Commercial country tends to like particular voices, certain timbres which sound great coming out of your local radio station. With Keys To The Country, the opening song of the fourth Chris Janson album, I realise he is essentially Blake Shelton’s replacement on radio. This album is the type that Blake has been making for 20 years and which provided a template for country which is designed to be enjoyed by fans of country music. The system works.
Chris, should you need reminding, plugged away for years before Buy Me A Boat become a surprise hit off the back of Bobby Bones, one of the radio guys, playing it off his own steam. Chris has become a member of, and regular performer at, the Grand Ole Opry, tootling on a harmonica and giving audiences good vibes and singing the song Good Vibes. His setlist includes Fix A Drink and Waitin on 5 (‘startin’ on six’), which stalled at 42 on radio after the success of a love song called Done.
The album’s title track has a pounding kickdrum which soundtracks how Chris is ‘a little bit’ this, ‘a little bit’ that and it’s nothing I’ve not heard before, especially because he was ‘all in…fallin’ from the minute that I saw you’. Love Don’t Sleep ticks off rural signposts but ‘when it comes to you baby, ain’t enough hours in the night’, while You Never Did is a Janson 100%-er (with music and lyrics by Chris) where he thanks his wife for persevering with him, with a catch in his voice and a fiddle backing him up.
George Strait could have turned all these songs into hits (You Never Did is so much an homage that Dean Dillon might have a claim for providing the vibe in a Blurred Lines kind of way). So could Kenny Chesney or our friend Blake, because uptempo love songs will always have a place in country. I hope one of those love songs gets a push to radio, given the inevitable trad revival that followed a decade of ‘hey baby girl, get in my truck’.
Conversely You, Me & The River is a murder ballad written by and featuring Eric Church, who joins Chris and his harmonica by the ‘Mississippi mud’. Travis Tritt, meanwhile, may have agreed to feature on (harmonica solo ahoy) Things You Can’t Live Without – take a wild guess what they are given your knowledge of commercial country music from 1927 onwards – because of the patriotic tone of Flag On The Wall. That song sounds like an Eric Church composition (and it is) down to the way Chris phrases the words about troops, meth, bibles, God, Jesus, guns and how This Land Is your Land is a ‘crock of shit’. Someone tell Eric and Chris that Woody Guthrie wrote that song as a satirical response to God Bless America.
There’s a song about momma called Bye Mom, which is basically Even Though I’m Leaving by Luke Combs, and one about fishing. The Reel Bass Pro is in the same key as Buy Me A Boat and is the second song this year to mention the brand after Thomas Rhett’s Bass Pro Hat. Johnny Morris also gets a namecheck for ‘providing fishing poles’ which you can get at BassPro.com. I really think Bass Pro have paid for some sponsorship, as if albums are radio stations now and need sponsorship to drive sales. Maybe I’m being too cynical…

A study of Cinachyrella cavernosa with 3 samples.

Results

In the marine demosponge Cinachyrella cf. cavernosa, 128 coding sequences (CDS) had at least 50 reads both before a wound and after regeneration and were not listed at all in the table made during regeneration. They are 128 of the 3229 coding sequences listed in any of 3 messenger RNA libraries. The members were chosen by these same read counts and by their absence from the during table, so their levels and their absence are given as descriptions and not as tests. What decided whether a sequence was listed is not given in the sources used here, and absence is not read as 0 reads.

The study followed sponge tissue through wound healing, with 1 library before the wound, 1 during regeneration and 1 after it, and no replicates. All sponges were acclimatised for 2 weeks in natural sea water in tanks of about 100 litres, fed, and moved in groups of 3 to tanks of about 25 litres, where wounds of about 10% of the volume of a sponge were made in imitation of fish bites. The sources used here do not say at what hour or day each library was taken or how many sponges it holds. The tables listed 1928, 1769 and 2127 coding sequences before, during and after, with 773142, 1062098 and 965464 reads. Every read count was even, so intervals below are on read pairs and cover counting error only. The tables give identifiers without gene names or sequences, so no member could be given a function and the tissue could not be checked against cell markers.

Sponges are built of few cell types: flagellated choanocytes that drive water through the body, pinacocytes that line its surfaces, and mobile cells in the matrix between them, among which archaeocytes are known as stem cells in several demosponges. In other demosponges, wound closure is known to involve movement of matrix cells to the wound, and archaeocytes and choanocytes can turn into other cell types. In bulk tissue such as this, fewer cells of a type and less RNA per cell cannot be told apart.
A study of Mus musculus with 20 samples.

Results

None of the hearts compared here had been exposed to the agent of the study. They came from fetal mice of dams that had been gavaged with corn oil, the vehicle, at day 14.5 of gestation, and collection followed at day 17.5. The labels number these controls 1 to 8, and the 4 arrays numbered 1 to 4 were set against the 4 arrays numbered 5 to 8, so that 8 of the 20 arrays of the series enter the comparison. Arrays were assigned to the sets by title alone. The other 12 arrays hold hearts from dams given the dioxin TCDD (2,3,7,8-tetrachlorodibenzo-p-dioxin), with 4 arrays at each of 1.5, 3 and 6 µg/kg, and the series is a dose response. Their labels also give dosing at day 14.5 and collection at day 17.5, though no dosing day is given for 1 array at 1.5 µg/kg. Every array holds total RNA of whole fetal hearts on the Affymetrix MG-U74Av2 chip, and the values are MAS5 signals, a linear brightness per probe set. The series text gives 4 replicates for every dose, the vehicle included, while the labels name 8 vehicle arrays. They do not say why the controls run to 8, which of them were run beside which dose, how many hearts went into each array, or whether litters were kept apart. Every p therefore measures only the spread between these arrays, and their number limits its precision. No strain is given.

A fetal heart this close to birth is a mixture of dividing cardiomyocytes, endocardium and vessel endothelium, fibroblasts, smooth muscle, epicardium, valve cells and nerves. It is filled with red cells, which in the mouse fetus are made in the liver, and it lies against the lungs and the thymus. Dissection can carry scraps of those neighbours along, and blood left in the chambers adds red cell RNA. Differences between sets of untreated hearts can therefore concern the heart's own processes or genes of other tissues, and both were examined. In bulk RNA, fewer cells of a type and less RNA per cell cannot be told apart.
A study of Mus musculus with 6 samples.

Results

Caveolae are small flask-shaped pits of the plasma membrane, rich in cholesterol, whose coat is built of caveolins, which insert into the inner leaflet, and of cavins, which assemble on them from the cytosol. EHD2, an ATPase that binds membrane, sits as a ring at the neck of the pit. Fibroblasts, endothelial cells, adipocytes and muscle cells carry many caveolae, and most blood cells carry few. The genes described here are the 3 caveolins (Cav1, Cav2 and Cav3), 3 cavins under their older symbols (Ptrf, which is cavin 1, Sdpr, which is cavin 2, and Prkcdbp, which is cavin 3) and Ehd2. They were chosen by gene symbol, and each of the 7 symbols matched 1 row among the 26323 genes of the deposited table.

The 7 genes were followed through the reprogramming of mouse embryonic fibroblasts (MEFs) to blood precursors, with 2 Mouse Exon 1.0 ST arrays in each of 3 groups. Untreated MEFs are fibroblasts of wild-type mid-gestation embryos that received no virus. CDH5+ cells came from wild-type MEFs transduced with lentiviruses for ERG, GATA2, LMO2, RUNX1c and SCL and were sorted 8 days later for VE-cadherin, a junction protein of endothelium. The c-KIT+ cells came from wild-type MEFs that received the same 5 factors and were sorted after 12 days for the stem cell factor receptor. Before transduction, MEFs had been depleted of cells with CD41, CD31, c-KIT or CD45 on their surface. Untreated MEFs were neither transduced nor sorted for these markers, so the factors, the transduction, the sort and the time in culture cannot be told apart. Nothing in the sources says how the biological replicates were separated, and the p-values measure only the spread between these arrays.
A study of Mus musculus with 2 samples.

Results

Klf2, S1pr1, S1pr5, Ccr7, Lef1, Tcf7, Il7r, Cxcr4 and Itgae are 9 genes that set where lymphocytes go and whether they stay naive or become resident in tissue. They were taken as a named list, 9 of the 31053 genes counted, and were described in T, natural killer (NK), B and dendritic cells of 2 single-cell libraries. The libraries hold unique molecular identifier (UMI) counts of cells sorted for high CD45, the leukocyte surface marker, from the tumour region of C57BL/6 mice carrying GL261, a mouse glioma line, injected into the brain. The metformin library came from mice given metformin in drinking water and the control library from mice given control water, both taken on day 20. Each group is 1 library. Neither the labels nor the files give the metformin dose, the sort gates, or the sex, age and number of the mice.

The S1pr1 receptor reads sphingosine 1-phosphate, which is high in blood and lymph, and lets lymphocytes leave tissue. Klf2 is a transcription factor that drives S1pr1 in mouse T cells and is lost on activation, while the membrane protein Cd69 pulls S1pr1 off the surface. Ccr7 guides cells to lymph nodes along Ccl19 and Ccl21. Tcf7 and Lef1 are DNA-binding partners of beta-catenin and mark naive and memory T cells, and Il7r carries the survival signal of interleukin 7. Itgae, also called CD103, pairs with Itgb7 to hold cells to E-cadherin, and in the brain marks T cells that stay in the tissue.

There is a reason why Chris hasn’t crossed over to global audiences: his songs are so damned American. ‘There’s a trophy in the trophy case’ is the opening line of Small Town Big Time, which has the album’s best riff and which could have been a hit for 12 guys (Justin Moore, Craig Morgan, Craig Campbell, people not called Craig) in about 2008. As if to underline his Americanness, the album ends with My American World, which ticks off the same things you can’t live without just in case listeners didn’t think Chris loved his country enough. In on the joke, the chorus ends ‘I really really REALLY REALLY love my American world’. We get the point. In fact, we got it 40 minutes previously.
Rhett Akins and the Peach Pickers, who famously hit paydirt with Boys Round Here, have moved on to Janson. The trio gift him Halfway To Crazy on which Rhett also shows up. Again, it is odd for Chris, a man who used to drink but who stopped when he met his wife, to sing so much about getting drinks and having a party by the creek, but he’s got to make Warner Bros back their advance, so he’ll say yes to anything.
We Did It Anyway starts in a hayfield with banjos twanging and drums pounding, before Chris moves to a ‘southern rock’n’roll show’. It’s a slice of small town life that anybody in Nashville could sell to anybody in the American south. Ditto Cold Beer Truth and Here and Gone (co-written with Casey Beathard), two slices of country philosophy sung in the same tenor as Blake.
I never complain that country music is too country because we’ll miss this sort of thing when it’s gone. Scotty McCreery is doing similar things to Chris Janson but he’s able to play the UK thanks to the brand recognition from American Idol and because he’s an indie artist not tied to the major system and an Opry contract to fulfil. I wish Chris well, because he seems to be having such fun doing a job he loves.
Disclaimer: This piece has been amended since publication. Chris Janson has never been a ‘recovering alcoholic’ as the original version of this piece stated. He instead said that he quit drinking when he met his wife and his sobriety did not result from any dependence on alcohol.